There's a common misconception that in children's entertainment everything needs to be turned up to the extreme — the color, the characters, the action, it's often all so very loud. Subtle and slow are not often words you associate with children's shows. And yet I know for myself, and so many others out there, one of my most beloved childhood pastimes was watching The Joy of Painting with Bob Ross, which was not targeted specifically toward children but found an eager and captivated audience in young viewers like myself. The series ran on PBS from 1983 to 1994, and thanks to constant reruns, and now streaming, it's always been easy for kids across generations to discover the soothing escape of The Joy of Painting — or for adults to recapture these childhood pleasures even decades later.

I grew up wanting to be an artist and at first thought of Bob Ross as my own personal instructor. As watched him create his majestic landscapes, I studied Ross with a concentration few other shows inspired in me (I was a notorious multitasker even then; you can't blame overexposure to the internet or smartphones for my inability to focus on one thing at a time). Afterward, I tried to put my new skills to use, busting out whatever paints I could find in our craft cabinet and cursing our household for not having a palette so I could squeeze them out into my own little handheld rainbow. After my first thousand attempts to re-create a "happy little tree" failed miserably, the joy of painting was briefly overcome by the frustration of painting. But rather than turn away from the show, bitter in what I then thought of as my failure, I realized what I really had to do was shift my perspective on what "the joy of painting" really meant. The show wasn't a stepping stone to help you achieve something else; the joy was that it could help you find comfort right where you were.


Each 30-minute episode of the series was shot in real time, at a stable pace that was reassuring rather than rushed. And when Ross addressed the audience, he did it as though there was only one viewer, creating an intimacy that was compounded by the show's sound design. The show opted out of having an underlying score, and with Ross' mic positioned so close to his face, it's easy to hear his every breath. Combine this with the rhythmic scratching of his brushes against the canvas, and it's not a stretch to consider The Joy of Painting as the forerunner to mainstream ASMR, which provides listeners with a pleasant, low-grade euphoric sensation.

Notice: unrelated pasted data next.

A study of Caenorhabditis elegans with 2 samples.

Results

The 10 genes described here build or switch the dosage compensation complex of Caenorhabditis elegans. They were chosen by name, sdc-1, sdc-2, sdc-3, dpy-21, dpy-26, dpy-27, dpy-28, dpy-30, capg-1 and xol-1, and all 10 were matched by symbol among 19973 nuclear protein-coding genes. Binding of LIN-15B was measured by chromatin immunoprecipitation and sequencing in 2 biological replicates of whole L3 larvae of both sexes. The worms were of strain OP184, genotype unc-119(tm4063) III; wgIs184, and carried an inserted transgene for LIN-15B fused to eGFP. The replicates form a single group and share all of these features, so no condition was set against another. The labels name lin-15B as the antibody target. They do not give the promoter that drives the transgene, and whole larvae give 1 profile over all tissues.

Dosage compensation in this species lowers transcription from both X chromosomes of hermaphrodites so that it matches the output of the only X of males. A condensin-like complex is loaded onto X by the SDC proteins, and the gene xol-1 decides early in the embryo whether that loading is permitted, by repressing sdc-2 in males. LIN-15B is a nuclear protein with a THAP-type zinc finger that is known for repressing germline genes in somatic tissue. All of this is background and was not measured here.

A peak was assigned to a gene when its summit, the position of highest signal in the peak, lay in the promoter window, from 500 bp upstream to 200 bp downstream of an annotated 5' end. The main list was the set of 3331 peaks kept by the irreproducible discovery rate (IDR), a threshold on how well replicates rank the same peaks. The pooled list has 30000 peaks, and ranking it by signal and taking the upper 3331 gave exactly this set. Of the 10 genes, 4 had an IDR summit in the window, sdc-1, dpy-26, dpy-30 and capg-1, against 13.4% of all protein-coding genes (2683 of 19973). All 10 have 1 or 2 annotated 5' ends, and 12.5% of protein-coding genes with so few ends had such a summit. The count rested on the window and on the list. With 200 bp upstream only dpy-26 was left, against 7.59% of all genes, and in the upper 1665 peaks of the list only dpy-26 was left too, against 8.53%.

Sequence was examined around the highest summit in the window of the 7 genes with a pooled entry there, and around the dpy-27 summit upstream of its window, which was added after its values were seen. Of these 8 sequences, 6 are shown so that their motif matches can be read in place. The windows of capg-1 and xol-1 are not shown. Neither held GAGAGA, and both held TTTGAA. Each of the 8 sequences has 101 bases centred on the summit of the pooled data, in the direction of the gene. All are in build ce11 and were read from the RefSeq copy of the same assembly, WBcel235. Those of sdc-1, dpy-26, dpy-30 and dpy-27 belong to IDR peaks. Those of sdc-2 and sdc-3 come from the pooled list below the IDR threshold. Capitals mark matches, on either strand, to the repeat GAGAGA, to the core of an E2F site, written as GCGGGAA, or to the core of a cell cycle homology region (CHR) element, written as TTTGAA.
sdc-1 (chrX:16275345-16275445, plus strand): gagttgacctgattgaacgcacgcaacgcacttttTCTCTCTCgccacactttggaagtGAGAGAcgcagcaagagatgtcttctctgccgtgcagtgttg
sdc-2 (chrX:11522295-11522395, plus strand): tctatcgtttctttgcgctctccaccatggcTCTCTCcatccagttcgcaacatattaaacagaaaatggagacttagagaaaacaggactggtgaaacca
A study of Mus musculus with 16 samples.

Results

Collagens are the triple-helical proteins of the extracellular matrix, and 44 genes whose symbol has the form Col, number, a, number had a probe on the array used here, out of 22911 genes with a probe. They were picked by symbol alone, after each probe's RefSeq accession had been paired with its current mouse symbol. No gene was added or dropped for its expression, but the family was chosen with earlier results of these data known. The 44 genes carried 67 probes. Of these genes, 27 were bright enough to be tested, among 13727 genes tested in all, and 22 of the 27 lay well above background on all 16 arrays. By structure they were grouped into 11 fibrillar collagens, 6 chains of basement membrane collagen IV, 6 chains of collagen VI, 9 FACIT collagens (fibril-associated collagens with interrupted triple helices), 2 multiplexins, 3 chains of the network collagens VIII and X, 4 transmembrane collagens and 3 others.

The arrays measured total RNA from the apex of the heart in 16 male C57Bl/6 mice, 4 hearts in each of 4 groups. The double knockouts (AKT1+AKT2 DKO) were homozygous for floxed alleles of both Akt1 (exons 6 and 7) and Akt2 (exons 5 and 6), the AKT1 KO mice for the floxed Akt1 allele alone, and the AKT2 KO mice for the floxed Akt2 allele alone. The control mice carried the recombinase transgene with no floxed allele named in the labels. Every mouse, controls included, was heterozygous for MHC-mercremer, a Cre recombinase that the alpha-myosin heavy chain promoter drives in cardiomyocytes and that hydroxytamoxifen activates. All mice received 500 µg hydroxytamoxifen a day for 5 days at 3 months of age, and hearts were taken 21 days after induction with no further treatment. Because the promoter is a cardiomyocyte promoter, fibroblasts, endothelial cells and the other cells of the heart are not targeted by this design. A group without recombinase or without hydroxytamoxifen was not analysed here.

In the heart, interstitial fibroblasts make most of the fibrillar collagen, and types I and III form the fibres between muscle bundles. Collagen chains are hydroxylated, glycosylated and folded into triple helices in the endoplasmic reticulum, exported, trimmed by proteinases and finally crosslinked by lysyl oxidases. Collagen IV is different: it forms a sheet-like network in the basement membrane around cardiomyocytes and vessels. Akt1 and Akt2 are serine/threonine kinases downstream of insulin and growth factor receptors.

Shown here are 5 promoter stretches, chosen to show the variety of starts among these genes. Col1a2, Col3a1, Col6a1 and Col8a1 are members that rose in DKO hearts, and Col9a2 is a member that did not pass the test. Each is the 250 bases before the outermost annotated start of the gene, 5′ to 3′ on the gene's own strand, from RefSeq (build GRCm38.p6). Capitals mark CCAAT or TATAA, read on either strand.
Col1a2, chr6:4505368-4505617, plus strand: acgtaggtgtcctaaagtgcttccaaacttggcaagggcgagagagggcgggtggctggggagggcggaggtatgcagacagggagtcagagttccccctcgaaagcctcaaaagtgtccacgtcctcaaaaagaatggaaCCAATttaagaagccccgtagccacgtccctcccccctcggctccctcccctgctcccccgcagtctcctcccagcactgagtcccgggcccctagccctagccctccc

For me, The Joy of Painting will always be defined by its timeless quality (the only glaring evidence of the period it was produced in is the aspect ratio) and its enduring power to recenter even my overactive, anxious mind. It's like a sound machine for the soul, helping me recharge for 30 minutes at a time. Whenever faced with embarking on a daunting new task (or just the dauntingness of trying to get through the day), it's so easy to become overwhelmed by the big picture and feel defeated before you even try. But The Joy of Painting showed that by focusing on one small thing at a time, and finding satisfaction in these little joys, you can achieve a cherished result, whether that be a colorful landscape or simply peace of mind.

The Joy of Painting is available to stream on Netflix, Hulu, Amazon, YouTube, and Tubi. Check out more great '80s series to watch here.

Looking for more shows to stream? Check out TV Guide's TV Throwback, recommending the best shows to rewatch — or to discover for the first time — from 1970 through the present day.